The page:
The Tunnel: Digging for Dollars
By Morgan Hind
Low-budget filmmakers are increasingly using the internet as a means of raising finance as audience appetite for digital content continues to grow.
The filmmakers behind Australian horror movie The Tunnel are currently selling individual frames of their soon-to-be-released BitTorrent film at $1 per frame, while one investor has the chance to pick up 1 per cent of any profit the film generates.
The Tunnel aims to raise its $135,000 cash budget by selling its 135,000 frames – the equivalent of a 90-minute movie. The project has already sold more than 6100 frames to buyers in the US, UK, Canada and all over the world.
The project aims to turn internet piracy on its head and, rather than waste money fighting illegal downloads, instead embrace the possibilities the internet offers.
“Piracy is such a huge topic within the film industry and it’s one that’s going to continue to affect the future of the entire industry,” executive producer of The Tunnel and creative director of the DLSHS Agency, Ahmed Salama, told INSIDEFILM.
“We’ve reached the point where we’ve had to adapt – especially for the smaller productions in the industry, you have to adapt or you die.”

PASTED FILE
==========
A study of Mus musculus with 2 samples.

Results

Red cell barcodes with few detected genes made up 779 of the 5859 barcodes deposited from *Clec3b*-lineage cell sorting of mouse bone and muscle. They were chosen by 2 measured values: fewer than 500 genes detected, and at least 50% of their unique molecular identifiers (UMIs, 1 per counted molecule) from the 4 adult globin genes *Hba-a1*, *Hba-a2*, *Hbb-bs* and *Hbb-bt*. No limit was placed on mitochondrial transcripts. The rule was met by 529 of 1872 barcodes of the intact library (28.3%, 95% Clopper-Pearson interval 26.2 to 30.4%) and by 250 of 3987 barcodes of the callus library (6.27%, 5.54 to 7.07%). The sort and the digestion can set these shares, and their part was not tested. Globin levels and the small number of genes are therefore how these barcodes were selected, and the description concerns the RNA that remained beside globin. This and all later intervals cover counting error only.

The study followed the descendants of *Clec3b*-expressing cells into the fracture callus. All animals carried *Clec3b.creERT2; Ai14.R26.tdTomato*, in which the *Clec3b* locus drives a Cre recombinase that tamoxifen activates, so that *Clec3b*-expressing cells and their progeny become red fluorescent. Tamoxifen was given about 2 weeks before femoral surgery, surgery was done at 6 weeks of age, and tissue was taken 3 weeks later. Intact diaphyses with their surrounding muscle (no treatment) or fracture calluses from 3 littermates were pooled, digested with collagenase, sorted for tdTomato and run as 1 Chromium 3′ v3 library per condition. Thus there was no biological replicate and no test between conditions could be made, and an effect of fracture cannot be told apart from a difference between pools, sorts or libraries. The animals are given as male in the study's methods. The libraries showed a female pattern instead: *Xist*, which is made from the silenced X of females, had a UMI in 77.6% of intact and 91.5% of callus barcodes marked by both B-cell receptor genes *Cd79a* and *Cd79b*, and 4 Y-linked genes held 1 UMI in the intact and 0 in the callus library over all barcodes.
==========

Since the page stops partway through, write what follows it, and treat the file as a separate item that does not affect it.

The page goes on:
The film explores journalist Natasha Williams’ investigation of the disused underground train tunnels in Sydney's St James Station and the mystery behind the state government’s quick decision to abandon plans to use the water from the flooded tunnel during a national water shortage.
The film is being produced by Distracted Media's Enzo Tedeschi and Julian Harvey, while Andrew Denton’s Zapruder’s Other Films is also officially on-board the project.
Salama has no fears that the film won’t be a success, believing the online medium to give more people the ability to experience it before they buy it.
“BitTorrent is the largest distribution network in the world, and if people do see the film via torrenting it and enjoy it, then they’ll want to buy the film,” he said.
Similar to The Tunnel, several international films are also using the internet to raise funding.
Gregory Bayne’s Person of Interest explores an individual’s return from war and struggle with patriotism and Dave Gardener's documentary Hooked on Growth explores the global sustainability crisis.
Person of Interest aims to raise $US5000 via internet donations to allow the filmmakers to take their film before a small summer/fall tour – a decision motivated by unexpected positive reviews.
Those that contribute to the film can expect to receive a range of rewards depending on the amount contributed, including promotional t-shirts, guest tickets, and on-screen credits.
Similarly, Hooked on Growth seeks to raise $US250,000 to help the filmmakers finish their film and deliver it to the world.